At times, the Hoosiers have looked like Jekyll, and at other times, Hyde.
When they are at their best, Indiana has been a team that looks like it can compete with anyone. But there have been some ugly spells too. Above all, turnovers have held the Hoosiers back from being the team they know they can be.
Head coach Mike Woodson knows what he has to fix to get the team moving in the right direction. And with nothing but Big Ten obstacles in the way, the time is now.
“Well, not turning the ball over’s going to be one. I mean, right now that’s kind of been… We’ve been a lot better the last five games,” said Woodson.
Indiana’s offense many times has struggled with throwing the ball away to the other team. They have hit double-digit turnovers in all but two games this season.
One of their worst efforts came against Syracuse when they turned the ball over 26 times. Early turnovers in that game led to a 16-point Orange lead and an eventual loss. Seven turnovers in the first ten minutes of the second half almost cost IU a 14-point first half lead against St. John’s.
The Hoosiers have been able to survive heavy turnover games against lighter competition, including Louisiana (27), Merrimack (17), Northern Illinois (15), and Marshall (15). But there won’t be anymore light work on the schedule. Indiana either takes better care of the basketball from here on out, or it risks another disappointing winter.
Woodson has noticed a trend in his team’s giveaways.
“When we’re trying to play on the fly a lot of times, that’s where a lot of our mistakes come,” Woodson said of the turnovers.
“We just got to get better in that area because you’re not going to be able to run your set all the way through every time. There’s always going to be some breakdown, then you have to free-lance and feel good about how you free-lance and play offense. We’re not there yet in that area.”
Currently, the Hoosiers average 15.5 turnovers per game, which ranks No. 36 in the nation. But, that is not the only problem they must address.
Indiana is giving the ball away, and they are not taking advantage of what is being given to them.
“And making free throws, guys. When you’re in close games, you look at the two games, Syracuse and Wisconsin, a couple of possessions here or there, we probably sitting here 12-0,” Woodson said. “Free throws had a lot to do with it in the Syracuse game as well as turning it over, missed free throws coming down the stretch in the Wisconsin game.”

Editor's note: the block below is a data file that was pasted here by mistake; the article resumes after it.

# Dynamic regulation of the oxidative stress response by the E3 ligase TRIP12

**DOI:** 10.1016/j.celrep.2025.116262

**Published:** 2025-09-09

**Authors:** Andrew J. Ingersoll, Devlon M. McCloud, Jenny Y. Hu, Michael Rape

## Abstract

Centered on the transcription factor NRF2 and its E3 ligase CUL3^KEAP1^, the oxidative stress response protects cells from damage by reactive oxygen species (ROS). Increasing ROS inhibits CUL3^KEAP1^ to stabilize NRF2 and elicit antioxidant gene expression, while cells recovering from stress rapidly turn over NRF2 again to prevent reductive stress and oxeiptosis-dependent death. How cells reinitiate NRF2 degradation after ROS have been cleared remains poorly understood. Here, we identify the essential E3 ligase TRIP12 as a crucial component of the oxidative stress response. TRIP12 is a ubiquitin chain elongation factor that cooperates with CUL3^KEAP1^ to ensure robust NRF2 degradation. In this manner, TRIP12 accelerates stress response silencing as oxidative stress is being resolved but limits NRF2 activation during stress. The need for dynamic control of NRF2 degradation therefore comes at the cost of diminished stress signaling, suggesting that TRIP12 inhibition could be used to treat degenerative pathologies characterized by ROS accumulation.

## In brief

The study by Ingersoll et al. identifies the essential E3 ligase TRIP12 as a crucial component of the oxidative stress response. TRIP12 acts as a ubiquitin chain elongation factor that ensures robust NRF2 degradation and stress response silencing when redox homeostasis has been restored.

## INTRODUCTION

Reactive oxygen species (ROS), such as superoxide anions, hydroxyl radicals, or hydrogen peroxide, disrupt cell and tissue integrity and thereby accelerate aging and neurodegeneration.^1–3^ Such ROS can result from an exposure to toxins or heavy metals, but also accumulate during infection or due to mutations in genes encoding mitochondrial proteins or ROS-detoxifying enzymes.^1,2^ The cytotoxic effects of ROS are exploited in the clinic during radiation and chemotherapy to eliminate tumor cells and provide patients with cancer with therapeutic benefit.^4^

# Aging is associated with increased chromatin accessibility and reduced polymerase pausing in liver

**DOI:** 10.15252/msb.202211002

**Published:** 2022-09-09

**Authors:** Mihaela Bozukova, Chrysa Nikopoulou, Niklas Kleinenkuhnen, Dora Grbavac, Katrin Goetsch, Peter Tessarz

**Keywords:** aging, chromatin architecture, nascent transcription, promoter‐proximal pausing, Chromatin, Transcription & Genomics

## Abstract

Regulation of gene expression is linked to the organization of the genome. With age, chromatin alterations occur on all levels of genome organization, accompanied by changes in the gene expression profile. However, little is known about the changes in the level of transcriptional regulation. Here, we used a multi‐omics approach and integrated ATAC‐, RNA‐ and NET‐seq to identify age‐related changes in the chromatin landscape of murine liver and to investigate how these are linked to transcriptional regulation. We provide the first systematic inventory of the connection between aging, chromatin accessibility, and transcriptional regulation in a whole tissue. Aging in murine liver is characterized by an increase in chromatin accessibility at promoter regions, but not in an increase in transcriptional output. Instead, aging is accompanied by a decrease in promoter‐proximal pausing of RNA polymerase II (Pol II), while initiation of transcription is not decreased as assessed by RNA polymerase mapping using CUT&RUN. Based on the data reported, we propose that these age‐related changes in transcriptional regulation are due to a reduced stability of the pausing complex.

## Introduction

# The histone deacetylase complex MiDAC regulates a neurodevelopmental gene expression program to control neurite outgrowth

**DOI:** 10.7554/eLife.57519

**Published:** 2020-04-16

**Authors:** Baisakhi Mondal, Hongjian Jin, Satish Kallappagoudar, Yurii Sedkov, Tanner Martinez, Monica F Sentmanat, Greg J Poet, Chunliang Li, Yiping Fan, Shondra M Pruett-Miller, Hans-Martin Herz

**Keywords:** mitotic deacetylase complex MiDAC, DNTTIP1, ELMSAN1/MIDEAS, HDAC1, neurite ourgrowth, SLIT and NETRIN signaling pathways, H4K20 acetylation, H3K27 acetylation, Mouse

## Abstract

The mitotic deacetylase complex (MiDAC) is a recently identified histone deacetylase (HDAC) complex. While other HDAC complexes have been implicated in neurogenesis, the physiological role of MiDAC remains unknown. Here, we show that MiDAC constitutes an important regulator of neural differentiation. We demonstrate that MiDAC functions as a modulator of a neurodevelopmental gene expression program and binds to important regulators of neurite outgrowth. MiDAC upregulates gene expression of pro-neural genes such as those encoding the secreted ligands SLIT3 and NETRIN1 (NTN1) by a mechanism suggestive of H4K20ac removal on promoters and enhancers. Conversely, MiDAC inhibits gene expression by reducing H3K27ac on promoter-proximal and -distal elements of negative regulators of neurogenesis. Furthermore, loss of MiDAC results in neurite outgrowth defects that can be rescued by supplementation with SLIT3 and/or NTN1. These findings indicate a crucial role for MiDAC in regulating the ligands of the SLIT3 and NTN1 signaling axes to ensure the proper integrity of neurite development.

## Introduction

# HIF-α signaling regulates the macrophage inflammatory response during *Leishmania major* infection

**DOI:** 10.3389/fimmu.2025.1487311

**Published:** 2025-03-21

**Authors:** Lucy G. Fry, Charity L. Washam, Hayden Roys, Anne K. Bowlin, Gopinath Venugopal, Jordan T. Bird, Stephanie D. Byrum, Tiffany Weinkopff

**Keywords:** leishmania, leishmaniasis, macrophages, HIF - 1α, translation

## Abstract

Combined in the two losses Indiana missed 15 free throws and lost by a total of seven points.
Essentially free throws are supposed to be gimme points. They call it the charity stripe for a reason. But it has been the opposite for the Hoosiers.
They get to the line an average of 21.4 times per game, but they are just shooting at a 67.7 percent clip. This puts them ranked No. 263 nationally.
Miller Kopp is their best free throw shooter and hits them at a 94.4 percent rate. But behind him, there is only one other player above the 75 percent mark. And that is Tamar Bates with an 80 percent rate.
The missed free throws have also come back to haunt them late in games. Against Wisconsin, they missed six free throws in the second half and ended up losing by five.
“To me, I mean, when you’re out on the road, you got to play all the way through. You can’t think that you’re just going to win it in 38. It’s a 40-minute game, man,” Woodson said of finishing the game.
And that’s the third area where Woodson wants his team to improve. The Syracuse and Wisconsin games were winnable, but his team has to learn how to close, especially on the road where IU is 0-2 in true away games.
“We just didn’t complete the game against Wisconsin. We got to put a 40-minute ballgame together, period, from beginning to the end,” Woodson said.
The Hoosiers have a chance to grab their first road win of the season when they take on Penn State at the Bryce Jordan Center on Sunday at 4 p.m. Eastern (BTN).
They’ll need to make their free throws and limit turnovers to get it done.